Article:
Response To Letter Regarding ‘Whiney Middle-Aged White Guys’

Los Alamos

I take more than a little offense to the letter to the editor submitted by Ms. Lynn Hanrahan.  First, she assumes those taking issue with the overreaction in closing all open spaces within Los Alamos County are middle-aged white guys.  Not sure how she knows this to be true but guessing it is just generalization and stereotyping on her part. This is insulting and undermines her credibility.  Second, she clearly feels threatened by the purported risk presented by individuals enjoying the open spaces that contribute significantly to the quality of life in Los Alamos without offering any objective evidence of said risk. I respectfully suggest this is a manifestation of her abject fear of a subject area that she does not well understand.

For the record, I’m 67.  Though I feel like I am still middle-aged (or less!), I am hardly whiney. I’m actually quite pragmatic and thoughtful and make decisions and voice opinions in a thoughtful manner based on objective analysis of facts.  And, for the record, I am a white guy. Not sure why the color of my skin (or that of others) makes any difference.  I repeat:  I am not whiney.  Nor are those whom have written letters challenging the blanket closure of all open spaces with in LA County.  Those I don’t know personally I know through their participation in a variety of county venues and initiatives.  All have the best interest of the county and its residents at heart and contribute on a regular basis to the well-being of Los Alamos and its residents. I don’t know Ms. Hanrahan so cannot speak to her engagement in, and contributions to the community in a similar manner. Nor do I know if Ms. Hanrahan uses the county’s open spaces for recreation.  I’m guessing not or she would better understand the perspectives of other letter writers.

Now back to the objective analysis of the facts.  It appears Ms. Hanrahan assumes those of us that recreate in the county’s open spaces engage in risky behaviors that threaten her well-being.  Nothing could be further from the truth. Nonetheless, she finds it necessary to insult us in trying to make the point that she feels threatened by us. In my 40+ years as a Los Alamos resident and a frequent user of the county’s open spaces, I have never seen a mountain biker or hiker smoking a cigarette or starting a camp/warming fire in the canyons. Further, I suggest that the very few that do engage in such behaviors will not be thwarted by administrative closures of open spaces. Ms. Hanrahan is more likely to be threatened by the neighbor who lights his or her barbecue grill which then flares and causes a house fire that then spreads to unkempt vegetation because the grill was not placed in a safe location (let me introduce you to my neighbor whose grill, placed immediately next to his house, flares up on a regular basis; two weeks ago I asked if he needed a fire extinguisher!).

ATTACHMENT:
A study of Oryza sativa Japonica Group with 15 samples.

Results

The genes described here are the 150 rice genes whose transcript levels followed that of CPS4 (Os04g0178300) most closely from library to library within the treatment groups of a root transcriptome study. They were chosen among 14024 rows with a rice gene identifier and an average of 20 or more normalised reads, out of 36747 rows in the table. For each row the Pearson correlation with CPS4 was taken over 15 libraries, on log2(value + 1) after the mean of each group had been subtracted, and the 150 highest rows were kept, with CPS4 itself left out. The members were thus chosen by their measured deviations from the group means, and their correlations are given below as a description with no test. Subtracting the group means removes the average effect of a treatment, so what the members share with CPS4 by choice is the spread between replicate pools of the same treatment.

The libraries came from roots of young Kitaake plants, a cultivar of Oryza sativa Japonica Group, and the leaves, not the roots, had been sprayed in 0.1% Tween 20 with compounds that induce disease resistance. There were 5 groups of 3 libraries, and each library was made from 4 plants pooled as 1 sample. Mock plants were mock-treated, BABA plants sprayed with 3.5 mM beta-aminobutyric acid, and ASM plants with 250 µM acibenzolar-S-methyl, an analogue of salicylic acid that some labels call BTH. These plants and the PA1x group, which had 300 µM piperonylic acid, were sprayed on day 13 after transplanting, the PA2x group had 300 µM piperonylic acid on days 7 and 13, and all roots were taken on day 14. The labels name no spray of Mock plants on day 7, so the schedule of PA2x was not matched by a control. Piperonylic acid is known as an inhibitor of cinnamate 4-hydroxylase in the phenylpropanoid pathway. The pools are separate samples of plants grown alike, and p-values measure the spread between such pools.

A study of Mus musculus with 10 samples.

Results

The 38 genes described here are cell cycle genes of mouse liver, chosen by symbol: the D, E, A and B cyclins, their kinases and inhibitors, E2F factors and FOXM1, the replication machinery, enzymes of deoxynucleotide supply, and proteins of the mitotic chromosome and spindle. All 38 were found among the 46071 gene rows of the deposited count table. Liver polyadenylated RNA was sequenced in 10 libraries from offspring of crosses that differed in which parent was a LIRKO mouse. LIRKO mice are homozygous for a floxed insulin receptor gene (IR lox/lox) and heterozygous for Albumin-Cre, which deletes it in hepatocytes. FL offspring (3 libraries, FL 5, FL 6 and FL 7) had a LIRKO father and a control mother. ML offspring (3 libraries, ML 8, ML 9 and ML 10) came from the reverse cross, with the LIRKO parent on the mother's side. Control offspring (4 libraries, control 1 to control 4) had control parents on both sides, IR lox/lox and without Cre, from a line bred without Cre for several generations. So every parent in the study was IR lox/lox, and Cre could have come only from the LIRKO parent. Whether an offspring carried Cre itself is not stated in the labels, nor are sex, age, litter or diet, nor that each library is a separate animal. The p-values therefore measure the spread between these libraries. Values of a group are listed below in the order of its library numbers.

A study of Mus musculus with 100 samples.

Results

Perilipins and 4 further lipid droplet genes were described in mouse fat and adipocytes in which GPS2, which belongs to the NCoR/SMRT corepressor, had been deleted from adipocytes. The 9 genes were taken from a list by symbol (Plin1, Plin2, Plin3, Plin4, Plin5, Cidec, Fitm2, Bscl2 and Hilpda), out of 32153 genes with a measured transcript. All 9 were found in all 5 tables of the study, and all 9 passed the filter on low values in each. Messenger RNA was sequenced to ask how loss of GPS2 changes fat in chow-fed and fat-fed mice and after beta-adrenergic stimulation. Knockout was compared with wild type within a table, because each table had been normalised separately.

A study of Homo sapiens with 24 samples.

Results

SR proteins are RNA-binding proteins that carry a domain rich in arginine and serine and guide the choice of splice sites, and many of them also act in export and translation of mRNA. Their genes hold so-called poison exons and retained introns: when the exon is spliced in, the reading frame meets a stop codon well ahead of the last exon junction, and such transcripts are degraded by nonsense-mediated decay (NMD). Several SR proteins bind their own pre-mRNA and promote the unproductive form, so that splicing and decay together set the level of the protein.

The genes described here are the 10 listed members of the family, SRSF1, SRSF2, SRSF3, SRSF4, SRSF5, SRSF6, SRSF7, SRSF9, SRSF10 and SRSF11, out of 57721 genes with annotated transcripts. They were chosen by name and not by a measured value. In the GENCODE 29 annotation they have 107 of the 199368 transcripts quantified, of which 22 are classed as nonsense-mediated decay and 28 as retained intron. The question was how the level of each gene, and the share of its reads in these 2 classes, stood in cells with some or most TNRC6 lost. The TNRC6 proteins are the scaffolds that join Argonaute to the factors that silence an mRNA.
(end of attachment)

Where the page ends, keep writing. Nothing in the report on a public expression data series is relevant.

Regarding the risk posed to users of open spaces and emergency response personnel tasked with finding and rescuing individuals finding themselves in a canyon as a wildfire erupts, three points:  (1) we are personally responsible for our own safety, (2) there are few areas within the county’s open spaces where emergency egress is not possible in the event a wildfire erupts, and (3) making open space users aware of those risks and that they cannot depend on emergency response personnel to rescue them from imminent danger obviates the responsibility of emergency response personnel from doing so if such actions pose a hazard to their safety. 

Additional facts, as pointed out by previous letter writers, point to the blanket closure of all open spaces without utilizing a risk-based approach and without engagement of users of our open spaces as an overreaction. (If I am wrong on these assertions I challenge Chief Hughes to explain in detail how the closure decision was reached.)  With all due respect to the Chief, he took the easy and expedient path forward in mandating a county-wide closure of open spaces rather than taking a more methodical, risk-based approach in determining which areas should be closed and where controls (such as prohibition of open fires) should be implemented in lieu of closure.

 Rather than writing insulting letters, I suggest Ms. Hanrahan engage in dialogue to better understand how a risk-based approach in managing our county’s open spaces better serves the community (and I respectfully suggest Chief Hughes should do the same).